How to Protect Your Credit After the Home Depot Leaks
- April 9, 2018
- Posted by: Dave Rathmanner
- Category: Credit Scores
Fifty-six million. That's the number of cards stolen within five months from Home Depot, overshadowing the huge Target leak last year by sixteen million. Credit card fraud and identity theft can be devastating and life-altering if not caught early. Instead of pretending fraud could never happen to you, take a few simple precautions to protect yourself, your family, and your peace of mind.
1. Check Your Credit Report Every Year – For Free
Each of the 3 credit bureaus are obligated by law to provide you with a free credit report once annually. Experian, Transunion, and Equifax may all report slightly different numbers for your score, so use all three providers to get an idea of what your base score is.
Some companies like Credit Karma offer credit monitoring, which can notify you whenever changes occur in your credit file, like a mysterious new student loan you didn't approve. For those who suffered from the recent data leaks, Home Depot is offering customers this service for free.
While it's important to check for any signs of fraudulent activity, the most important benefit of knowing your score inside and out is that it becomes much easier to spot illegal activity down the road.
2. Be Wary of Giving Out Credit Card Information
Avoid giving your credit card number out to anyone unless you can absolutely verify their identity. Financial institutions will never ask for your credit card number or other sensitive information when they contact you – they should have this information already. To be safe, if you are contacted by a bank or other institute, call them back or email them from the contact information you already have.
Online, make sure not to enter payment information with merchants you are unfamiliar with. Be sure to do a quick search to verify their reputation, and check for any scams or consumer alerts. If something feels off, it probably is.
3. Protect Your Physical Credit Cards
Be wary of lending your card to anyone, even close family members or friends. Even though they might not steal your information, adding an extra step to safeguarding your card leaves too many opportunities for theft.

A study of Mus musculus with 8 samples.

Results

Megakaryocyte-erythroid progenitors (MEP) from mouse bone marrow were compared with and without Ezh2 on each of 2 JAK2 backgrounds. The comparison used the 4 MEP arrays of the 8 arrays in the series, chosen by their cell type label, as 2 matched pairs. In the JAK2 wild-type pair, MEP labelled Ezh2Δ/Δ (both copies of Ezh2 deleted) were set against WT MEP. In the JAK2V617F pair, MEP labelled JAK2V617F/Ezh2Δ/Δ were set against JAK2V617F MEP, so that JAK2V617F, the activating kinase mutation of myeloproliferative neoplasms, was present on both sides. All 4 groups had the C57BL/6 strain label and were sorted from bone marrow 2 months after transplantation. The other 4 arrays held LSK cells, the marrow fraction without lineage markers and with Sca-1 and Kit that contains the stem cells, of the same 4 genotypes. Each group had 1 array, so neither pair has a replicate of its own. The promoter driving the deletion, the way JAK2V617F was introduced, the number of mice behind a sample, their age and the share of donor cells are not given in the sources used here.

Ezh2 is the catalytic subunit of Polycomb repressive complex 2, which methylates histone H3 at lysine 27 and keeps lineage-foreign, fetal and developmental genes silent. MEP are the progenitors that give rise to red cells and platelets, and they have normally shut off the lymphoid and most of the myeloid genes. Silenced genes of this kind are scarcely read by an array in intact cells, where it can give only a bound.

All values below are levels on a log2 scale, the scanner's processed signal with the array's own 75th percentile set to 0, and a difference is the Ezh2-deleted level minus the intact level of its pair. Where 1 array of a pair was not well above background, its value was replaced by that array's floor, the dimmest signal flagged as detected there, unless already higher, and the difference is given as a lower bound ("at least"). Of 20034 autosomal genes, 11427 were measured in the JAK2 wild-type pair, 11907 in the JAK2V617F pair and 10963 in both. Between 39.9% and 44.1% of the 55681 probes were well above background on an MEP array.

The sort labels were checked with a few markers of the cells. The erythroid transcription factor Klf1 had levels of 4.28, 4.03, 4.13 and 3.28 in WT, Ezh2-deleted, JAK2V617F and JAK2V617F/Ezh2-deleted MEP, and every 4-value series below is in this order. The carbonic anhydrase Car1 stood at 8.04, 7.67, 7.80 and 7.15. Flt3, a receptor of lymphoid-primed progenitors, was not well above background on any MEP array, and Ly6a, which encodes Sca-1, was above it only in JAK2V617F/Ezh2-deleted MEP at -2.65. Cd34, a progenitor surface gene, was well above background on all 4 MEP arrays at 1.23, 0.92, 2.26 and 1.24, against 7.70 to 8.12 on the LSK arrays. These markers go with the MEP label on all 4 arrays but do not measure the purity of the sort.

To minimize losses due to physical theft, store credit and debit cards outside of your purse or wallet, and only carry whatever cards you need for a particular outing.
Keep your eye on the card during transactions, and make sure you get it back before walking off. It's easier to make this mistake than you think, and hard to remember where you've lost it once you leave.
And, for those with cards using Radio Frequency Identification (RFID), protect your cards from electronic pickpockets by using an RFID-safe credit card sleeve.
4. Take Extra Precautions With Your Computer and Other Devices
Hackers and thieves have gotten better and better at stealing your information online. You should already be using a full anti-virus and firewall suite on your computer, which helps prevent hackers from eavesdropping on your online transactions. But don't forget your phone! Any device you use to pay bills or make online payments needs to be protected, too.
Don't be lazy with your online passwords, either. Instead of using the name of your dog as your password for both email and your bank account, consider making the passwords to access your bank, credit card, and other important financial information something harder to guess.
Even better, use a different password for every web site and account. Even though it's a hassle at first, you'll have peace of mind knowing your information is safer.
5. Consider Using Credit Instead of Debit
Simply put, using debit places a greater burden on you in case of theft. Although the maximum liability a consumer faces for stolen card purchases is only $50, you can be responsible for hundreds on fraudulent debit transactions. Even if you report the fraud early, your bank may have certain policies in place that hold you responsible for a greater chunk of the money.
Make sure you check with your bank to find out their policies on canceling stolen cards, liability for fraudulent purchases, and whether or not they have a 24-hour line available for loss and theft.
6. Destroy Sensitive Documents
Even though high-profile data leaks like Home Depot's latest issues make the headlines, many cases of identity theft still occur from the usual suspects, like sifting through garbage looking for personal information. Spend a few extra minutes shredding pre-approved credit cards and any other documents containing your financial information. A few minutes now can save you dozens of hours, thousands of dollars, and countless headaches later.
7. Report Losses and Fraud Immediately, and Freeze Your Credit
Once you realize your credit card has been lost or stolen, call your issuer's toll-free, 24-hour hotline. You may be on the hook for any purchases up to $50 before the card is reported stolen, but any charges made after the report aren't your responsibility. In addition, some card issuers may require you to sign a statement saying you didn't make the purchases, but the entire process is very simple.
In addition, consider placing a security freeze with each credit bureau. A freeze stops anyone from accessing your credit score unless you give them access, meaning the thief who stole your identity can't get a car loan in your name.
You can't stop Home Depot or Target from losing millions of customer credit card numbers, nor can you stop a diligent thief from poring over your trash when you aren't looking. It may seem pointless to take all of these precautions when high-tech hackers can bring corporate giants to their knees. But, if you follow the advice above, at least that crook in your garbage won't have anything to find but banana peels and coffee grounds.